Poetry Break: Bharti Bansal marilyn l davis two drops of inkmarilyn l davis

Poetry Break: Carl “Papa” Palmer

By: Carl “Papa” Palmer

Poetry Break: Carl "Papa" Palmer marilyn l davis two drops of ink



curtains closed clock shows 4AM or PM

seated heavily at my kitchen table

gripping a cup of twice heated cold coffee

still in pajama bottoms busy being alone

this space once ours gathering stillness


rereading the page of unwritten words

sought then forgotten pencil poised

awaiting a first line for this poem


Bookshelf Prophecy 2020 – COVID


All this happened, more or less.                                                                      

It was the best of times.                                                                                

It was the worst of times.                                      


It was a bright cold day in April                                                                                              

and the clocks were striking thirteen.                                                                                       

We started dying before the snow,                                                                                            

and like the snow, we continued to fall.                                                                                    

(closing sentences)

We are lost in darkness and distance.                                                                            

and not enough to see by.                                                                                            


After tomorrow, another day                                                                      

Are there any questions?                                                                          


So that in the end, there was no end.                                                                       

We shall never again be as we were.                                                                     


The above poem draws inspiration from:

Slaughterhouse Five, Kurt Vonnegut

A Tale of Two Cities, Charles Dickens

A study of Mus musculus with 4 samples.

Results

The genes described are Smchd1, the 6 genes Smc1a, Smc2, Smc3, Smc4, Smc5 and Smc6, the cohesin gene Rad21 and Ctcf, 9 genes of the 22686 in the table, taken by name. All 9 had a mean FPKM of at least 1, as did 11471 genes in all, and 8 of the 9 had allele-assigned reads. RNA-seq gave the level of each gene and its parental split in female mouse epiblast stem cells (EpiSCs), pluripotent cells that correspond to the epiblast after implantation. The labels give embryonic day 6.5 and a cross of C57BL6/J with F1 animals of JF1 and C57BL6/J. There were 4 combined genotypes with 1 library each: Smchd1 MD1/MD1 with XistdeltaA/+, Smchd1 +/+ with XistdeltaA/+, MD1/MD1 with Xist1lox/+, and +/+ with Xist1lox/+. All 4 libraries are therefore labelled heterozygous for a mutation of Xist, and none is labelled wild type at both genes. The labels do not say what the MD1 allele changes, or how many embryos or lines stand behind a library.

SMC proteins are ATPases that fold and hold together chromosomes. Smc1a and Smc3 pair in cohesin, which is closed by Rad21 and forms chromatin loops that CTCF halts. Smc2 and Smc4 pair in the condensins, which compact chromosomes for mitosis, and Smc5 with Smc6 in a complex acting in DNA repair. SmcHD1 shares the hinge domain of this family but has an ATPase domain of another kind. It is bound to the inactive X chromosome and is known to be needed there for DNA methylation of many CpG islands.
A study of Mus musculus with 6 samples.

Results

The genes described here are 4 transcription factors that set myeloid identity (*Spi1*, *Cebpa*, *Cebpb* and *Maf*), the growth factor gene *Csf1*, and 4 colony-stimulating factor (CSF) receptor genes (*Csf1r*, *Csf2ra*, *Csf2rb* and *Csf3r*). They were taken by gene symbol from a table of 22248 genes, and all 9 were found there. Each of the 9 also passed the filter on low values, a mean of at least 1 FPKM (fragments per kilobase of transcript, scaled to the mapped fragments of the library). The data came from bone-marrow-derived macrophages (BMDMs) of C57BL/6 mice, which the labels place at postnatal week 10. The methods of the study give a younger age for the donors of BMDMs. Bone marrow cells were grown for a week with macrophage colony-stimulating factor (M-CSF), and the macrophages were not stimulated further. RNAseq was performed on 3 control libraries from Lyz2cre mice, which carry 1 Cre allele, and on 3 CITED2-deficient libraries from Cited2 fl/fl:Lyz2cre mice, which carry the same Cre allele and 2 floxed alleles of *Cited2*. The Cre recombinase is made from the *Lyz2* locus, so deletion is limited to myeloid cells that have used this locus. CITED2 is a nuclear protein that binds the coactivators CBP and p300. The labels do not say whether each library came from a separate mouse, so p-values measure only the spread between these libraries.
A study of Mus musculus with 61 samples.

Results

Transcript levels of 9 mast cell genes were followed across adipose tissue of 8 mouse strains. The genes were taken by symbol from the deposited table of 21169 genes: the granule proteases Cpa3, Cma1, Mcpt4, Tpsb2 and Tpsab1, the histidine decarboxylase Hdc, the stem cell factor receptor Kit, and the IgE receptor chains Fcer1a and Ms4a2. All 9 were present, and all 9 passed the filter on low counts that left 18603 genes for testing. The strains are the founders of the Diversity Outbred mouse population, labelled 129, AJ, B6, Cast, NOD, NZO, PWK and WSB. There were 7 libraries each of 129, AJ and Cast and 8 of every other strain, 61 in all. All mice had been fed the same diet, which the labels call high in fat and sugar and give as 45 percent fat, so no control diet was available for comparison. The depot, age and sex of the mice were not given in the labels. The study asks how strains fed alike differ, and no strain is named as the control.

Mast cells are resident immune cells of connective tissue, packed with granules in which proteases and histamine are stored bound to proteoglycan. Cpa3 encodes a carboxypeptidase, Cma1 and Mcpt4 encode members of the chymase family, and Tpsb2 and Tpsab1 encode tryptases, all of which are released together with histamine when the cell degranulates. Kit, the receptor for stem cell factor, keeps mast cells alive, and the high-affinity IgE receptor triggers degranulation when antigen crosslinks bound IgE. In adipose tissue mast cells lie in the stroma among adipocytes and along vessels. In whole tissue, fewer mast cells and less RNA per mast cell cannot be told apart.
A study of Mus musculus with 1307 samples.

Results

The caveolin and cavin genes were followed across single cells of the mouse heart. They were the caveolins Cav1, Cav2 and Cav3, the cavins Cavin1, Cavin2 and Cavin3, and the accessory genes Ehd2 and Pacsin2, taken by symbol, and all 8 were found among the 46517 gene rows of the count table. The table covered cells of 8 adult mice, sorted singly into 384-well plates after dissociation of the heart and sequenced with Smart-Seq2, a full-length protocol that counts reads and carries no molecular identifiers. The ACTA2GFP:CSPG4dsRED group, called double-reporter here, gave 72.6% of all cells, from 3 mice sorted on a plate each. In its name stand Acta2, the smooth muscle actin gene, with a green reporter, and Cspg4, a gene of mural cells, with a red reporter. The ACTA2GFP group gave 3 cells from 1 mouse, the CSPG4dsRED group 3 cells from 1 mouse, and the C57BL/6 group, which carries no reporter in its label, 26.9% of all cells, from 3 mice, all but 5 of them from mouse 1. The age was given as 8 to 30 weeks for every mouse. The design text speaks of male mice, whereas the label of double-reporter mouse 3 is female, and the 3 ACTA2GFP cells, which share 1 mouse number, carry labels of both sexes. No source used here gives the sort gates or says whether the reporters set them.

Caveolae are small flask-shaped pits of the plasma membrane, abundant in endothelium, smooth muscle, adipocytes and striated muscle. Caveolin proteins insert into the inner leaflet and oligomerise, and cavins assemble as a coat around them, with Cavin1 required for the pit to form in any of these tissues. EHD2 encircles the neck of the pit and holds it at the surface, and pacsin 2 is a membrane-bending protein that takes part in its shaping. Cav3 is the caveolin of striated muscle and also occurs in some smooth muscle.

1984, George Orwell

Tracks, R. Davidson

Frankenstein, Mary Shelley

Cat’s Eye, Margaret Atwood

Gone with the Wind, Margaret Mitchell

The Handmaid’s Tale, Margaret Atwood

The Tree of Man, Patrick White

Wings of the Dove, Henry James


It is what it is   


I’ve heard it a lot lately. Is it a current cliché

or catch phrase, the pat answer recap signaling

an end to any further conversation about it ?


Like the sobbing boy holding his empty cone,

ice cream scoop on the floor as his dad hugs

him and says, Don’t cry, son, it is what it is.


Or a response of surrender, of defeat, giving up,

helplessly accepting things being what they are,

nothing more and nothing can be done about it ?


Like the coach at the post game press conference

fielding endless questions about why he lost the

game ending his interview with,  It is what it is.


Rather than it is what it is, maybe it should be

it ain’t what it ain’t  ~ ‘taint what ‘taint

or it is not what it is not  ~ ‘snot what ‘snot.


Still, whatever it is or it isn’t, it remains it.

It is what it is ~ it’s what it’s

or as the poet says, ‘tis what ‘tis.



Bio: Carl “Papa” Palmer

Poetry Break: Carl "Papa" Palmer marilyn l davis two drops of ink Carl “Papa” Palmer of Old Mill Road in Ridgeway, Virginia, lives in University Place, Washington.

He is retired from the military and Federal Aviation Administration (FAA).

He’s currently enjoying life as “Papa” to his grand descendants and being a Franciscan Hospice volunteer. 

PAPA’s MOTTO: Long Weekends Forever!